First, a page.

A report by National Institute for Standards and Technology (NIST), released last week, provides guidelines for securing wireless local area networks (WLANs) in federal agencies. These networks are more vulnerable to intrusion due to the ease of access to them and what are often weak security configurations, as people tend to "favor convenience over security" when deploying them, according to NIST.
Pointing out these particular security needs, the report recommends that agencies set standards for configuring the security of these networks, as each component of the network--including the end-user devices that use the network--depend on this configuration.
To do this, NIST recommends an agency or organization first gather information on both the operational and security needs of the network, taking into consideration any laws and policies outside of the organization itself that might govern the network. This could mean meeting requirements of the Department of Homeland Security, Office of Management and Budget, and other agencies that have jurisdiction over agency cybersecurity, according to NIST.
[The feds are taking a new approach to combat growing threats to national security. Learn more: Homeland Security Revamps Cyber Arm.]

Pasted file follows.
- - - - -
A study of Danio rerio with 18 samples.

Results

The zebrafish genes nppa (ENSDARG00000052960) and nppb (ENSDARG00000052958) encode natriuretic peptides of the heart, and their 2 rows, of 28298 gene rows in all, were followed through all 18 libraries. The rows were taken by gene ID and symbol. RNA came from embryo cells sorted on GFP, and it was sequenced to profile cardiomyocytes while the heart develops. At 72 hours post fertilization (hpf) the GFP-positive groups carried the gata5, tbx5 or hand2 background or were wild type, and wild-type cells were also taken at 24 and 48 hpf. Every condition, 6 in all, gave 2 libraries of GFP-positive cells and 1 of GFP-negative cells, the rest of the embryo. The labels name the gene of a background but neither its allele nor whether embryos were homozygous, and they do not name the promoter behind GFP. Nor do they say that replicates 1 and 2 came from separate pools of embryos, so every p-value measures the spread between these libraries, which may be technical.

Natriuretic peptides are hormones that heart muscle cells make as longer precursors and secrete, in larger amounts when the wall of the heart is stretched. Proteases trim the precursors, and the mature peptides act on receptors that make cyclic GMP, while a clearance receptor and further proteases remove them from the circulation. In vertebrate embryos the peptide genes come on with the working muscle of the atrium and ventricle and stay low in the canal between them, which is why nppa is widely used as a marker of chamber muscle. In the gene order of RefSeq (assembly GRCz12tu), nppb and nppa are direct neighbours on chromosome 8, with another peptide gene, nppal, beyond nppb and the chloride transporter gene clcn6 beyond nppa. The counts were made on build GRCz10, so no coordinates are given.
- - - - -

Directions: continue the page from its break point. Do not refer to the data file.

They also should consider not only security of the network itself but how the WLAN may affect other networks that exist nearby, according to NIST. Wireless networks are often connected to wired networks, as well as to each other, so agencies may have to consider separations between them based on security needs.
NIST also recommended that agencies continuously monitor WLANs because of their increased security risks--identifying and applying patches and verifying security configuration settings and adjusting them regularly.
"These actions should be performed at least as often for WLAN components as they are for the organization's other systems with similar security needs," according to NIST.
Indeed, continuous monitoring is a theme that has become pervasive in federal security as agencies strive to be more proactive about protecting networks rather than waiting for a problem to occur.
The Federal Information Security Management Act (FISMA), NIST's standard for federal security implementation, recently required agencies to begin reporting security data monthly to an online compliance tool called CyberScope as part of new fiscal year 2011 requirements for continuous monitoring.